Micro-Pak Enhanced PE Sheets are intended to control, inhibit, and mitigate odor causing bacteria, mold, and mildew on products enclosed in packaging intended for shipment, according to an amended master label approved by the U.S. Environmental Protection Agency.
Items that may be packaged and treated with the sheets include footwear, clothing, luggage, handbags, purses, wallets, gloves, hats, belts, leather goods, sporting goods, furniture, packing boxes, carpets, photo albums, musical instruments, toys, bracelets, jewelry, dolls, lamps, vases, baskets, footwear components, bedding, tablecloths, housewares, and floral products.
Micro-Pak stickers and sheets are activated by moisture, so they don’t start working until they’re needed, the Micro-Pak website states. When the relative humidity reaches a preset level, the sheets release a pesticide within the box or polybag to actively eliminate mold spores. The pesticide spreads throughout the package to do its work.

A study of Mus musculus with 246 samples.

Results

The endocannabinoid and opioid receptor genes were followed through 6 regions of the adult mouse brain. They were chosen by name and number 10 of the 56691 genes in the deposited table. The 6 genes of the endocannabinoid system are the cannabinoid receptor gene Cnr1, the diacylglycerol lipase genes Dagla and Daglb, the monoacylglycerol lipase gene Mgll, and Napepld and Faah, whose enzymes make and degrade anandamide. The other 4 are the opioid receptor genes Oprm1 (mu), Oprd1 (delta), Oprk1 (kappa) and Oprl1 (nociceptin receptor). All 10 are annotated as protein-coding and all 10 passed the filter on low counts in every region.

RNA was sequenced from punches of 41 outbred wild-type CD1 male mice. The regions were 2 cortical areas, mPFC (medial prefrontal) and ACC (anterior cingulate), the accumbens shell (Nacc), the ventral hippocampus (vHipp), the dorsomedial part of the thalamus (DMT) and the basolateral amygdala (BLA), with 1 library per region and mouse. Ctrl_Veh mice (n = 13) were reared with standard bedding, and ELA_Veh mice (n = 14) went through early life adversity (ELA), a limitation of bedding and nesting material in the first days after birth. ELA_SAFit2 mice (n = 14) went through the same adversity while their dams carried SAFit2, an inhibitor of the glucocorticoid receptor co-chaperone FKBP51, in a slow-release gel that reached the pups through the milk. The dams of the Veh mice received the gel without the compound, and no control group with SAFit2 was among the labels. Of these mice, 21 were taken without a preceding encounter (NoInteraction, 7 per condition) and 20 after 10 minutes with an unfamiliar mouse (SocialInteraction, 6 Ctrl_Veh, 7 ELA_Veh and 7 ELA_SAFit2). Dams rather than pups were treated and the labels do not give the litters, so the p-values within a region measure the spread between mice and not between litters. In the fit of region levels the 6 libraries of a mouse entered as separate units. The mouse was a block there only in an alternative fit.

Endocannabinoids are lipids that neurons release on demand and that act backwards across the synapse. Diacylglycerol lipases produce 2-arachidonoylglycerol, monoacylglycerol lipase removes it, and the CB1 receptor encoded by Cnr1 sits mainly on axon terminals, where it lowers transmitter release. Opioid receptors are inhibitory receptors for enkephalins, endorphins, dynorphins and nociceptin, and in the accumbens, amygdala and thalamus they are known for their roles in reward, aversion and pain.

I couldn’t find any information on whether these sheets are dangerous for consumers to handle. I’ll contact the EPA and see what it says.
Since my father died of non-Hodgkin’s lymphoma, which is linked to pesticide exposure, and I had pesticide exposures as a child, how pesticides are used concerns me.
If you see these sheets in your packages, I’d put on disposable gloves and put of them in the trash right away.
I would certainly like to see the sheets labeled as containing pesticides. It's difficult to understand why they aren't labeled with that information.
The sheets are different from silica gel, a drying agent that comes in small, clear beads or rock crystals placed in little packets made of paper or cloth. The packets are put in products, such as food, clothing, medication, supplements, and electronics, to prevent moisture damage. The small particles can absorb large amounts of water. Silica gel is non-toxic, but it’s a choking hazard for young children when put in small packets.